24/01/2007 BT By Chong Jin Hun

THE Real Estate And Housing Developers' Association (Rehda) claims that measures to liberalise foreign ownership of Malaysian properties announced late last year could be hampered by slow processing at the state level.

It takes some state authorities up to 153 days to approve real estate transfers compared with about 14 days in Singapore and Australia, they said.

Since December 2006, Malaysia has allowed foreign buyers to own or invest in houses costing RM250,000 onwards without seeking approval from the Foreign Investment Committee (FIC).

Foreigners are also not subject to any conditions on the usage of their properties, or limit on the number of houses they can buy.

"Just one policy from the FIC alone does not get foreigners excited. It is a step in the right direction, but foreigners are looking at Malaysia as one country among so many other countries.

"We urge the state authorities to relax their property transfer policies. Administrative red tape has to be drastically reduced," Rehda president Ng Seing Liong said in Kuala Lumpur yesterday at a media briefing on Malaysia's property market.

Ng said the liberalised regulations should boost demand for upmarket houses in prime areas like the Kuala Lumpur City Centre (KLCC), Mont'Kiara and Bangsar in the Klang Valley, but may not be felt across the board.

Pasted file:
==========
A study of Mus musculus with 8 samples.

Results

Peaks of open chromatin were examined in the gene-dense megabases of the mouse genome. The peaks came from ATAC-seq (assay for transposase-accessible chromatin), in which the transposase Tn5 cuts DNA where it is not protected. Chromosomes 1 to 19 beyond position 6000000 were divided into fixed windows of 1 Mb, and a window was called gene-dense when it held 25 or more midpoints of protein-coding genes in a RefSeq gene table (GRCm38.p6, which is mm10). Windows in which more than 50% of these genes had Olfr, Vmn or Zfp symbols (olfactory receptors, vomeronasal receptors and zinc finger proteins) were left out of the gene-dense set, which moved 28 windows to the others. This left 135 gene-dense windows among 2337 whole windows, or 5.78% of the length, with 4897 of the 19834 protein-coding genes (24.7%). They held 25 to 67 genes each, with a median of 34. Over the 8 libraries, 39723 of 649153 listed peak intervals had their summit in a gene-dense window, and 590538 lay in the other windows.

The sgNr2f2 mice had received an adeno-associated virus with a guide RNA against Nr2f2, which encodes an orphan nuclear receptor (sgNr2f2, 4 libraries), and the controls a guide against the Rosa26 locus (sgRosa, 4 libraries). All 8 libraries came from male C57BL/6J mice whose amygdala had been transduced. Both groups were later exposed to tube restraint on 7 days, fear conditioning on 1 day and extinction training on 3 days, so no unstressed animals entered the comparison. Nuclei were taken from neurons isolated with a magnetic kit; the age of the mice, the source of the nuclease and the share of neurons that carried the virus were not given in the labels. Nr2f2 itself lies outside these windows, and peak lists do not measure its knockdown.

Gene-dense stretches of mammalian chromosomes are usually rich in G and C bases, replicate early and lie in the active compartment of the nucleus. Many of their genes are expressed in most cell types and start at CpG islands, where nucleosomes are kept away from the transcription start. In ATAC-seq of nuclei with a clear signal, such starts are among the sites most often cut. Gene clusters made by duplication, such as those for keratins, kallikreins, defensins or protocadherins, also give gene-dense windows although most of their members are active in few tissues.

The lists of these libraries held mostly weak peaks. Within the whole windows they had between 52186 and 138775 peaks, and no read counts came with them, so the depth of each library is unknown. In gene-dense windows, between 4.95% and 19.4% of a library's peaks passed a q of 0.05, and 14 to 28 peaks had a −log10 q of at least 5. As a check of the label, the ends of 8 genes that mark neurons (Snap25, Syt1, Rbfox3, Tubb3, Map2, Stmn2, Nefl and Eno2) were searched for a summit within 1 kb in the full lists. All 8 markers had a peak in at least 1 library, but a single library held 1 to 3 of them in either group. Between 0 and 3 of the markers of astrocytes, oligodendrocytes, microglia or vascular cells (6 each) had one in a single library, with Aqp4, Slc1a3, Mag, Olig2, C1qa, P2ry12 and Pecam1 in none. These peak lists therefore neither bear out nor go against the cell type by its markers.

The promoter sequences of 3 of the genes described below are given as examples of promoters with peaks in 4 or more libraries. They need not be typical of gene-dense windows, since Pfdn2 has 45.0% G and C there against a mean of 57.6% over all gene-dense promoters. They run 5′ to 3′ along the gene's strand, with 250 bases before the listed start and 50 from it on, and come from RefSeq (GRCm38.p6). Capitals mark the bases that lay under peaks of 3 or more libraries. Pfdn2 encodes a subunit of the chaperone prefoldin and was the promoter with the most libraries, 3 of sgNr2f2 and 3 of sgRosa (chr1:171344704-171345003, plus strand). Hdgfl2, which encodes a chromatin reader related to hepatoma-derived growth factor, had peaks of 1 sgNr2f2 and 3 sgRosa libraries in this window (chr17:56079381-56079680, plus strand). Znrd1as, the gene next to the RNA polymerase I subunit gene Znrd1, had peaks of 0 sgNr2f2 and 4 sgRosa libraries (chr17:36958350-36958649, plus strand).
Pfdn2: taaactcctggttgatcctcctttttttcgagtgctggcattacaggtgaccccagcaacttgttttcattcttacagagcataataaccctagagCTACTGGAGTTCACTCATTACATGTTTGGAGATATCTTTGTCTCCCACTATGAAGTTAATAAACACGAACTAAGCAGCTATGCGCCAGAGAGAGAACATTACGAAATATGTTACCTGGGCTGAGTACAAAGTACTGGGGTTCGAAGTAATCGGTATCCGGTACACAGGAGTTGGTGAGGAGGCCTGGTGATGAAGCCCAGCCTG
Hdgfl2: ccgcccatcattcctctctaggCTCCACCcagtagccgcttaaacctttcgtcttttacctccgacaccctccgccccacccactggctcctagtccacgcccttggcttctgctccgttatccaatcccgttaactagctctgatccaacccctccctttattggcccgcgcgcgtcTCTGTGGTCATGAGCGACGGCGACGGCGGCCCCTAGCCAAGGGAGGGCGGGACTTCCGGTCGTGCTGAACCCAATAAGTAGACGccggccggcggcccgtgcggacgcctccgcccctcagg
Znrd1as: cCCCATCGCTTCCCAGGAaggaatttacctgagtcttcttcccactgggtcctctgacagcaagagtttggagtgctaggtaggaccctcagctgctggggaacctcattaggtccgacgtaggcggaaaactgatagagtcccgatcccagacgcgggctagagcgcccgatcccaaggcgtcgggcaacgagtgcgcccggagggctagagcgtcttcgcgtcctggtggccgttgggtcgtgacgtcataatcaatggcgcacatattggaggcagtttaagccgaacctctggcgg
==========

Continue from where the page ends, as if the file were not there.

"Nevertheless, we do sense that there is increased interest from foreign purchasers for high-end properties in major urban areas, especially Kuala Lumpur, Penang and Johor Baru," Ng said.

Up to 52 per cent of respondents in Rehda's recent survey believed that the local real estate sector will be skewed towards residential offerings this year, especially niche higher-end units.

Regionally, Malaysian property prices are still deemed competitive, offering overseas investors a lower entry level into the country's real estate market compared with other countries.

On a per sq ft basis, Malaysian properties can fetch up to RM1,000 compared with about RM3,000 in Singapore, RM1,200 in Bangkok, and RM6,000 in Hong Kong, according to real estate agency Hartaemas Real Estate Sdn Bhd.